Pressure is mounting on the ASTI to ensure that about 35,000 third-year pupils complete a crucial assessment in English next month, after exam chiefs made it more difficult for the union not to co-operate with it.
Students in about 400 schools where the Association of Secondary Teachers Ireland (ASTI) represents teachers have not yet done the school-based, written assessment, worth 10pc of marks in the new-style Junior Cert English exam.
While about 25,000 other pupils, whose teachers are members of the Teachers' Union of Ireland (TUI) or are not a union member, did what is known as the Assessment Task in December, ASTI members have refused to get involved in new classroom-based assessments, as part of the union's opposition to junior cycle reforms.
The State Examinations Commission (SEC) is offering a second chance for students to sit the Assessment Task at the end of April.
In a significant move yesterday, the SEC dropped the requirement for students to have completed a separate, but linked, classroom-based assessment with their teachers, before sitting the Assessment Task.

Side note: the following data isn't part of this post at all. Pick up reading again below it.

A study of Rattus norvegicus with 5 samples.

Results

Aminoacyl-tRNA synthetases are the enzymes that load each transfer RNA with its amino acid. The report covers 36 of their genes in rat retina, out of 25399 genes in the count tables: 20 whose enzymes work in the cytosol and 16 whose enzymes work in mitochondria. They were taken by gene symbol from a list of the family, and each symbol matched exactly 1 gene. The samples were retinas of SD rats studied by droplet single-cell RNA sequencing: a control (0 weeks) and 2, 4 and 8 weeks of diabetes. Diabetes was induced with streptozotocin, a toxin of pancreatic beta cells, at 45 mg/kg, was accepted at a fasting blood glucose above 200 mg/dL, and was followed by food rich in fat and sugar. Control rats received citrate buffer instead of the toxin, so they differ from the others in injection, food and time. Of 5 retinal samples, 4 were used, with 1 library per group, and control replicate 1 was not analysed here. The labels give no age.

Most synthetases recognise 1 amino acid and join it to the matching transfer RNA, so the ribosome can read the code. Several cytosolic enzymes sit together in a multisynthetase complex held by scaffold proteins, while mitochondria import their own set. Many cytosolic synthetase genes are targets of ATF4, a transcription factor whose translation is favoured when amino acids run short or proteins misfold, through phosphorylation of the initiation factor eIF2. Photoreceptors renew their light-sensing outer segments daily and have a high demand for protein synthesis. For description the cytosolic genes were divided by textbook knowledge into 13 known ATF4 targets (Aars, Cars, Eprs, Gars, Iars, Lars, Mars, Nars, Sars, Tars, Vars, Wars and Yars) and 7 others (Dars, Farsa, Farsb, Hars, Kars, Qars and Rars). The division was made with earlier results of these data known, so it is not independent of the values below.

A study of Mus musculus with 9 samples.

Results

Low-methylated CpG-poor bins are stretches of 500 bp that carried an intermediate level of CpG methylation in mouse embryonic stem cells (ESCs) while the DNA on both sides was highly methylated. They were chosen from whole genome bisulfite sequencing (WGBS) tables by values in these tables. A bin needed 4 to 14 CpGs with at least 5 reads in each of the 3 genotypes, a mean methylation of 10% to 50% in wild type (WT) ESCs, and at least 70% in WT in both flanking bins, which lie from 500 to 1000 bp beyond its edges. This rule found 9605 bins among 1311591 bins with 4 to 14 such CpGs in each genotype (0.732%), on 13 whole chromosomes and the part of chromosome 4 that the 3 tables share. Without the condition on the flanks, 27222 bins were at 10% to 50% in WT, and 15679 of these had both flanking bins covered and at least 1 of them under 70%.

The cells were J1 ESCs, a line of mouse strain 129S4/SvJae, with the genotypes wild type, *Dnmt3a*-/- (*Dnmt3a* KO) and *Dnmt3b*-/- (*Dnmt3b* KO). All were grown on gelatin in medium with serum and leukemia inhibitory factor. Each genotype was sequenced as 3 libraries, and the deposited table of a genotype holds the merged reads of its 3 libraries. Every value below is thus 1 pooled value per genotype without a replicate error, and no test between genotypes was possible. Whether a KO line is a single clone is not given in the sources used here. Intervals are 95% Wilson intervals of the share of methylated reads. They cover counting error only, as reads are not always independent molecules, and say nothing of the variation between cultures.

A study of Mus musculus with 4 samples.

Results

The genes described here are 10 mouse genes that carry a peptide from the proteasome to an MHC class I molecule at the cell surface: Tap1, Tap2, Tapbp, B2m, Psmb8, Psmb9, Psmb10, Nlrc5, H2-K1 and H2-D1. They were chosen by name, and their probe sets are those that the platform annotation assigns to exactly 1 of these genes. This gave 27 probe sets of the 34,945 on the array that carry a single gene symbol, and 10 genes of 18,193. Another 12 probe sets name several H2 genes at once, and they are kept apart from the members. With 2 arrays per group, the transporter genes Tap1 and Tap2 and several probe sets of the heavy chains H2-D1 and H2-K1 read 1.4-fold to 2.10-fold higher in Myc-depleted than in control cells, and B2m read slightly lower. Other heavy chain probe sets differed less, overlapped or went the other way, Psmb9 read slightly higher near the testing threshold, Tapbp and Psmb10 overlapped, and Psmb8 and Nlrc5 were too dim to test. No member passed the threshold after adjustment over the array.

Later, the Department of Education confirmed that it would be updating its official advice to schools, "which will be consistent with the requirements set out by the SEC in respect of the Assessment Task".
There was no comment from the ASTI, other than that the matter would be discussed at a meeting of the union's governing body, its 23-member Standing Committee, later this week.
The threat to 10pc of marks in English for more than half of third-year pupils has been a major weapon in the ongoing dispute between the ASTI and Government.
Now, the absence of the requirement for teachers to have first completed their classroom-based assessment with students before they sit the Assessment Task puts a chink in the ASTI armour.
The strong message from the SEC, in the guidance it issued yesterday for the April assessment, is that there is no justification for the ASTI not to co-operate with the Assessment Task.
According to the SEC, arrangements for the management and operation of the Assessment Task are in line with those applying for the conduct of externally assessed coursework components in a range of subjects, such as Junior Cert science or Leaving Cert history and geography.
In other words, ASTI members are already co-operating with similar assessments for other subjects - although not in the context of junior cycle reforms.
Under the new SEC arrangements, students would be marked out of 100pc for the written end of the exam in English - the traditional June exam would account for 90pc of marks.
However, they would miss out on a descriptor to be awarded by teachers for the classroom-based assessment, which the SEC says it is now not necessary to do.